Venture Philanthropy

August 2008

Philanthro-capitalist. Philanthro-preneur. Venture Philanthropist. These are just some of the new labels being coined to describe one of the most important shifts in philanthropy today: the transformation of the traditional charitable donor into a philanthropic investor. Although this movement is evident in nearly every demographic, the ultra-high-net-worth individual is at the center of this sea change in philanthropy.

Today's high-net-worth donors are rejecting the passive and obligatory ritual of charitable giving in favor of a more interactive and customized philanthropy that reflects their passions and interests.

Customized Philanthropy
The philanthropy marketplace for the ultra-high-net-worth individual is growing exponentially. There are more than 70,000 private foundations in the United States with assets of more than $550 billion.1 In the past 15 years, the asset size and the amount of giving from foundations have tripled.2 Likewise, the growth in donor-advised funds has been dramatic and now represents approximately $23 billion.3 There has been a 25% increase in the amount of new assets to donor- advised funds in 2007 alone.4 Not all of these resources come through an individual or family philanthropic entity. The new philanthropic investor often collaborates with other like-minded donors in "giving circles." There are an estimated 500 to 800 giving circles nationwide.5  

The customization or personalization of philanthropy extends beyond traditional grant-making. An emerging cottage industry incorporates the experience of philanthropy into luxury travel for the high-net-worth individual. For example, the Ritz-Carlton recently launched The Give Back Getaways program allowing guests to participate in a humanitarian or environmental project near various Ritz properties throughout the world.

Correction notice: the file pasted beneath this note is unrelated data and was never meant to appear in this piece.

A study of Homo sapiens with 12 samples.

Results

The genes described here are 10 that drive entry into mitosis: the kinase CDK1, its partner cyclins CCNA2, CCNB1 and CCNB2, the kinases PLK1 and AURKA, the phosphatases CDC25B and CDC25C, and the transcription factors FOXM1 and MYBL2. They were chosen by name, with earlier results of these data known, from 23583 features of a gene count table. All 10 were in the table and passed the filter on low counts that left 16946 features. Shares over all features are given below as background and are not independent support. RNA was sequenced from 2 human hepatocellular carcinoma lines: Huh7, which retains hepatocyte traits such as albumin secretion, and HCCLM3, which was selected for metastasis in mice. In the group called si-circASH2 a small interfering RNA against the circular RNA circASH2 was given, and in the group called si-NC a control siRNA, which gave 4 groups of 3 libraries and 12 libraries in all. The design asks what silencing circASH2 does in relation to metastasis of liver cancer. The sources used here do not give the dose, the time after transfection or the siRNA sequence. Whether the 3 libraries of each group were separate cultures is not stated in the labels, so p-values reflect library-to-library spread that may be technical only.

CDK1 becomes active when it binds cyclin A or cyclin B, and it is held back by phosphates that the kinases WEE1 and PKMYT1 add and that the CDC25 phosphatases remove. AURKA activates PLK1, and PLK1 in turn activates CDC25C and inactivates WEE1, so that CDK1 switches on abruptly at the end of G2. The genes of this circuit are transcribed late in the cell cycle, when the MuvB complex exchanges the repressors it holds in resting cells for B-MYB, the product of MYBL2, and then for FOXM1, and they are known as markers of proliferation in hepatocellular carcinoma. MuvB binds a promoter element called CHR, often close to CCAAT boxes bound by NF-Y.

Tangible Results
The philanthropic investor increasingly dislikes the idea of joining a group to help the greater good. Those who are in Generation X or younger are 50% less likely to support a membership-based nonprofit, such as an art museum membership, as did those in prior generations.6  The philanthropic investor does not want to join the United Way in his hometown simply because it is the right thing to do. He prefers the immediacy of knowing specifically what he has purchased with his philanthropic dollars.

The nonprofit sector faces a Darwinian struggle for donations. Even as Americans give nearly $300 billion7 to charitable organizations annually, there has been an exponential growth in the number of nonprofits competing for these donations each year. The most successful of the nearly 1.5 million nonprofit organizations in the United States have found a way to appeal to the new donor as an investor rather than as a contributor.        

For example, Internet-based nonprofit makes micro-loans to business owners in the developing world in order to alleviate poverty. It became so popular in 2007 that it had to limit new donations to $25 increments. Few charities can imagine having to turn away donors because of overwhelming demand. This example is emblematic of what donors are hungry to see in their philanthropy.

Take PlayPumps, a part water pump and part merry-go-round championed by AOL founder Steve Case. More than one billion people worldwide do not have access to clean water. PlayPumps addresses this overwhelming social problem in a measurable and accessible way for donors-one pump at a time. Likewise, Nothing but Nets allows donors to make a dent in the public health scourge of malaria by focusing just on the cost of providing mosquito nets at $10 per net. The blue-chip charities with well-respected brands have taken notice and have begun to adapt their message to the new donor preferences.

The Do-It-Yourself Philanthropist
Adapting the rules of entrepreneurship to philanthropy has engaged a new generation of donors. Venture philanthropy adapts a market-based approach and the language of venture capital to the nonprofit sector. The idea of incubating a nonprofit venture and building its capacity over time appeals to today's donor.

Home Depot co-founder Bernie Marcus, one of the country's most successful business entrepreneurs and philanthropists, embodies this "hands-on" approach to philanthropy. He reportedly requires all of his foundation staff to watch a video describing in detail what he does and does not want his philanthropy dollars supporting. This new breed of donor does not wait for others to get things done. When Marcus wanted to create a new aquarium for the city of Atlanta and a resource center for autistic children, he built them himself.